Aftersun is a sensitive, heartfelt and naturalistic film by debut writer-director Charlotte Wells. This beautifully reflective piece concerns an 11-year-old girl, Sophie (Frankie Corio) and the last holiday she took with her father Calum (Paul Mescal) two decades earlier.
They travel from Scotland to a fading resort in Turkey. They swim, sunbathe, play pool, go to a Turkish bath, read, listen to an old crooner, attend a karaoke night, watch paragliders and more. Calum – who practices tai chi – is separated from Sophie’s mum, but appears to have a good relationship with her. Sophie (played as an adult in a few scenes by Celia Rowlson-Hall) reflects on the shared joy and private melancholy of that final hurrah.
Memories – real and imagined – fill the gaps between that which is captured on home video, as Sophie tries to reconcile the father she knew (loving and idealistic) with the man she didn’t. As a world of adolescence creeps into view, beyond her eye Calum struggles under the weight of life outside fatherhood.
Aftersun won the Jury Prize at the Cannes 2022 Critics’ Week and it’s not hard to see why. A semi-autobiographical work, the writing is superb. Charlotte Wells’ parents were quite young when she was born and growing up her father would often be mistaken for her brother, although he never seemed to mind. That is one of the scenes in this film. In creating the work, Wells reminisced about her own adolescence, her parents and her dad in particular. That process of reflection while writing lends a retrospective gaze to the script.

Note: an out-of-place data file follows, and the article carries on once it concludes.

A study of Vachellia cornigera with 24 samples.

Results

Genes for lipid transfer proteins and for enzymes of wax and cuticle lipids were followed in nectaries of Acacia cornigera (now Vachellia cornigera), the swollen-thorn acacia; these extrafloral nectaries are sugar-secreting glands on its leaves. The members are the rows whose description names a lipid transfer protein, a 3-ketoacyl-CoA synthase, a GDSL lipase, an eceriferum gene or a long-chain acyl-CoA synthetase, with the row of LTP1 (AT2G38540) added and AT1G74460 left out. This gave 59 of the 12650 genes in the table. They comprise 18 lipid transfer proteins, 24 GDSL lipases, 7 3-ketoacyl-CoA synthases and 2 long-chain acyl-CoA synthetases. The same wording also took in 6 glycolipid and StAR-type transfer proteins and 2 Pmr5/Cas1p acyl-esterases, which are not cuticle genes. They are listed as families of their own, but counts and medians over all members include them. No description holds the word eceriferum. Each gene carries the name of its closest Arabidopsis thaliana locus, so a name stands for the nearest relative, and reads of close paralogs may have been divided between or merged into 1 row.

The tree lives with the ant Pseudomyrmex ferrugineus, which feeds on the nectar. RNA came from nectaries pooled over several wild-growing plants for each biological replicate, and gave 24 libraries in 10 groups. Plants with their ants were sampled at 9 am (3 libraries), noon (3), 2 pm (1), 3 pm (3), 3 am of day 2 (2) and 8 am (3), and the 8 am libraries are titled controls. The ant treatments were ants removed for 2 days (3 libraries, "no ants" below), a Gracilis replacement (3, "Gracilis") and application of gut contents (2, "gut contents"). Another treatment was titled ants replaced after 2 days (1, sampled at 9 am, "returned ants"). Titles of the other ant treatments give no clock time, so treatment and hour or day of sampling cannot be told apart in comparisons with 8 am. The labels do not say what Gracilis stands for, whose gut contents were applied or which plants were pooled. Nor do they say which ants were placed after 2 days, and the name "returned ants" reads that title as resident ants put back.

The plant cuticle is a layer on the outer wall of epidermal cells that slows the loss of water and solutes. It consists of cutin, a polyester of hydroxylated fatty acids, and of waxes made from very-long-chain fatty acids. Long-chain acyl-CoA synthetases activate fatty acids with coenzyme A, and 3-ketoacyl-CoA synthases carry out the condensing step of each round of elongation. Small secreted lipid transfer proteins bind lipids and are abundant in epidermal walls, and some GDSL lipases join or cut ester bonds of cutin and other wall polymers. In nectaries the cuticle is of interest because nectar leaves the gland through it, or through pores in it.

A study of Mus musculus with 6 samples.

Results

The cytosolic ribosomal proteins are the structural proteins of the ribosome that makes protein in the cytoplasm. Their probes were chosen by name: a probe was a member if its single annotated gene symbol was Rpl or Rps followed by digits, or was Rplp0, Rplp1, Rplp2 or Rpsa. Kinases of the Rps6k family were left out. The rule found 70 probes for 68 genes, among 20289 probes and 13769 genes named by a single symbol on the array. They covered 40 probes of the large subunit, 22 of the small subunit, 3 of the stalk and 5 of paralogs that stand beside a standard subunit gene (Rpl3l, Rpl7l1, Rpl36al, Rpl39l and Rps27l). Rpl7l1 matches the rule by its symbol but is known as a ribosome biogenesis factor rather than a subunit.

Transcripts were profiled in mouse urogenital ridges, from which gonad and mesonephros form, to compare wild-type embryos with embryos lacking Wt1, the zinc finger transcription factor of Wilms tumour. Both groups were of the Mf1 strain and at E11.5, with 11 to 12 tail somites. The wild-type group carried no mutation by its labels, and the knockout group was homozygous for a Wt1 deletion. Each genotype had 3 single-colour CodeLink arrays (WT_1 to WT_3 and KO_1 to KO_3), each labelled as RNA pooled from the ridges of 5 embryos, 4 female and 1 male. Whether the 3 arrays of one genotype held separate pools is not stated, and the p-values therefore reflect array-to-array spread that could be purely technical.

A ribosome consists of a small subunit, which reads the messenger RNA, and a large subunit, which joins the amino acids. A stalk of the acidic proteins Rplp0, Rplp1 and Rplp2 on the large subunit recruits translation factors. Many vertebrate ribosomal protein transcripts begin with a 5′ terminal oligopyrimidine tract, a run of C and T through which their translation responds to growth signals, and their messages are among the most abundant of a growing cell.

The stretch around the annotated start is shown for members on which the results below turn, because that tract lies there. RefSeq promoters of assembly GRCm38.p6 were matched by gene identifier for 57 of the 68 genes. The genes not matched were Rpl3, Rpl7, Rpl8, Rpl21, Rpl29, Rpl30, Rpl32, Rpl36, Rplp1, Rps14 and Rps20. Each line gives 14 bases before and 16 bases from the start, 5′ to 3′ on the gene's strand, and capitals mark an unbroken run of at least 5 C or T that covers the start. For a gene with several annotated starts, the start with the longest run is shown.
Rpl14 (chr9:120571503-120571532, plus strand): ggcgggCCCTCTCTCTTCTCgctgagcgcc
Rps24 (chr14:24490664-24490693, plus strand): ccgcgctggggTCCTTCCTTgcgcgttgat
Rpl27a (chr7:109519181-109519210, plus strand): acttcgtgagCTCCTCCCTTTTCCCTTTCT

The performances are extraordinary. It is almost incomprehensible to me that Frankie Corio had never acted previously. She is breathtaking, so expressive and “real” as Sophie. Paul Mescal, too, brings nuance to his representation of a man who clearly has his issues. For Calum it is vitally important that Sophie knows he is there for her now and in the future. Mescal is nominated for a Best Actor Oscar. In my opinion, Corio should also have been.
There is joy and wonder in the relationship between father and daughter, which is exactly what Wells wanted to capture. It is important for Calum to enunciate that Sophie should feel comfortable in the knowledge that she can talk with him about anything. Much in Aftersun is left for the audience to interpret. Although slow moving, it’s authentic and emotionally resonant.
It’s not clear until late in the piece what time has passed between the events in the film and where Sophie is at in the present day. Having said that, that device used by Charlotte Wells works perfectly.
While a film for selective tastes, Aftersun is one of the films of the year – a genuine piece of movie magic.